CARSON CITY – The path to retire NV Energy’s Reid Gardner coal plant is now clear, thanks to overwhelming bipartisan support of Nevada Senate Bill 123, approved today by the state Assembly and headed for action by Governor Brian Sandoval. As part of the legislation, Nevada will also end its use of coal power from Arizona’s polluting Navajo Generating Station and will plan for 350 megawatts of new renewable energy. Governor Sandoval has indicated his support for the legislation.
The Moapa Band of Paiutes and Sierra Club have fought for several years to retire the Reid Gardner coal plant that sits immediately adjacent to the Moapa River reservation. Paiute families have been suffering for decades from high rates of asthma, heart disease, lung disease, and cancer they believe are related to the plant’s air pollution.
“When we first started to call for the closure of Reid Gardner, we were told it couldn’t be done,” said Vickie Simmons, leading member of the Moapa Band of Paiutes Health and Environmental Committees. “Now, with this legislation, we are close to our goal. The coal plant that has for years poisoned our reservation will finally close and be cleaned up; and the state of Nevada will build more renewable energy. This will mean a cleaner and better future for our families and community.”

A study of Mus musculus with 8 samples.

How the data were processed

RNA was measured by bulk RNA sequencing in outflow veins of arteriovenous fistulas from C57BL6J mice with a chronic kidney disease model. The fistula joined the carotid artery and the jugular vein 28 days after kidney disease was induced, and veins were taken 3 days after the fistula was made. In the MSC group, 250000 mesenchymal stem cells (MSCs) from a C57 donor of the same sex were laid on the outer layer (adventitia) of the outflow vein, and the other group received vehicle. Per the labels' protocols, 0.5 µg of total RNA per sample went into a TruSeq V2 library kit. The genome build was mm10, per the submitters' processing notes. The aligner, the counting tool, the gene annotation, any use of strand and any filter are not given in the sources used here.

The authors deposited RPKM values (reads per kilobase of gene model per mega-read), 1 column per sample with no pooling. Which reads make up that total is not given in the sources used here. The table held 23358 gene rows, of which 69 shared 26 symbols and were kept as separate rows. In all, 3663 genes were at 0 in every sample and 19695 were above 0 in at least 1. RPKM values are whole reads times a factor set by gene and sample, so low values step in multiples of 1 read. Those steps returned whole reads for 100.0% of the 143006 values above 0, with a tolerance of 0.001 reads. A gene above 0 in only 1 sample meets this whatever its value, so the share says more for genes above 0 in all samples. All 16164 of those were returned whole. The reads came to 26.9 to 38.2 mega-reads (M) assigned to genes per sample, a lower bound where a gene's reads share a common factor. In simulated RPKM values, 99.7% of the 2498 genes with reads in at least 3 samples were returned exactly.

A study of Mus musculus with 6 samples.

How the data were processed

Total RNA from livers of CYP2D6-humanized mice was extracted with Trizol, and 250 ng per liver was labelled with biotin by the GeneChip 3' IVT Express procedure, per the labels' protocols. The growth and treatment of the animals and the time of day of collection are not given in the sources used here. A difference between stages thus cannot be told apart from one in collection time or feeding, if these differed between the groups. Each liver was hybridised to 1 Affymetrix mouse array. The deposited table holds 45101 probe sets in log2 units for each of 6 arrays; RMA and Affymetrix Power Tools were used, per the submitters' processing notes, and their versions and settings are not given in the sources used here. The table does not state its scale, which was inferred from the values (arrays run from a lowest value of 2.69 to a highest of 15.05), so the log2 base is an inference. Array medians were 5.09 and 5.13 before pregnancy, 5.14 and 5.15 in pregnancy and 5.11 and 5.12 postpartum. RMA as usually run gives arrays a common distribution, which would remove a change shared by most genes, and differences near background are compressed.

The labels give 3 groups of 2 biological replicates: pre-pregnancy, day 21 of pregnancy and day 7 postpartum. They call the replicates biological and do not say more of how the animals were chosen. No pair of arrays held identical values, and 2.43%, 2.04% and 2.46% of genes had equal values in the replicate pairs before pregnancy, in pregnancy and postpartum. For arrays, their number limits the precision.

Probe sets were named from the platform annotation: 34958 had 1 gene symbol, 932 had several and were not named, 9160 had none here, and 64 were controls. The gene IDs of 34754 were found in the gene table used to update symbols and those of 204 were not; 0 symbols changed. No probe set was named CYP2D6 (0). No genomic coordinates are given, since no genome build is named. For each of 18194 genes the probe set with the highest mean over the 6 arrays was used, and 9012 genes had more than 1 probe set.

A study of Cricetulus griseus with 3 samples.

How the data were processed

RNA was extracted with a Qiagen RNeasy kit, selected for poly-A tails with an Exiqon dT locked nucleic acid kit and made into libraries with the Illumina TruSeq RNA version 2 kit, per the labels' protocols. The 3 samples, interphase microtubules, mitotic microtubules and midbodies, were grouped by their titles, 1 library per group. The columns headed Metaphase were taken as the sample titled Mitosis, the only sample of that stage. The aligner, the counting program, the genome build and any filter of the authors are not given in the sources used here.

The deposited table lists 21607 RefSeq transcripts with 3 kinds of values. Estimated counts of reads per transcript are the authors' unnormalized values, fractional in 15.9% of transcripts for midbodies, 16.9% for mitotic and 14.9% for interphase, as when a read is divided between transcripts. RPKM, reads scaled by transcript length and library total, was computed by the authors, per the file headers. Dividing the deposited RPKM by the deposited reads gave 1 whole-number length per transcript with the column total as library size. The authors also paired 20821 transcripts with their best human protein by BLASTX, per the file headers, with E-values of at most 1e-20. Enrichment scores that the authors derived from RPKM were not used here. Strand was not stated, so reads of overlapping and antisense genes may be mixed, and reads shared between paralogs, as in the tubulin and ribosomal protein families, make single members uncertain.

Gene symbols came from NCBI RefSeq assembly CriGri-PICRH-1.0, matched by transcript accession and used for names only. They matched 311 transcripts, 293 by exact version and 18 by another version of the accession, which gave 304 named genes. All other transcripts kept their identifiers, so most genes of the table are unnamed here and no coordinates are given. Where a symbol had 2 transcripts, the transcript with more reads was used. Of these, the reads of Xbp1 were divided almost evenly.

In the weeks leading up to the state Assembly’s vote, the Sierra Club’s Beyond Coal Nevada campaign launched a radio and online ad campaign in support of the measure, and contacted thousands of supporters around the state to urge legislators to pass the bill.
“Diverse groups from across the state have rallied behind this measure and they have made one thing very clear: coal-fired power is no longer a viable energy option for our state,” said Jane Feldman, Sierra Club State Energy Task Force Chair. “It’s too risky economically and too risky environmentally. The future of Nevada is in clean, renewable energy and the jobs it brings for our state.”
“We thank the members and leadership of the Legislature who worked hard to develop and improve this bill. This bipartisan consensus on ending dirty coal and building more renewable energy will clean up our air, improve people’s health, and lead to more economic development and jobs,” said Feldman.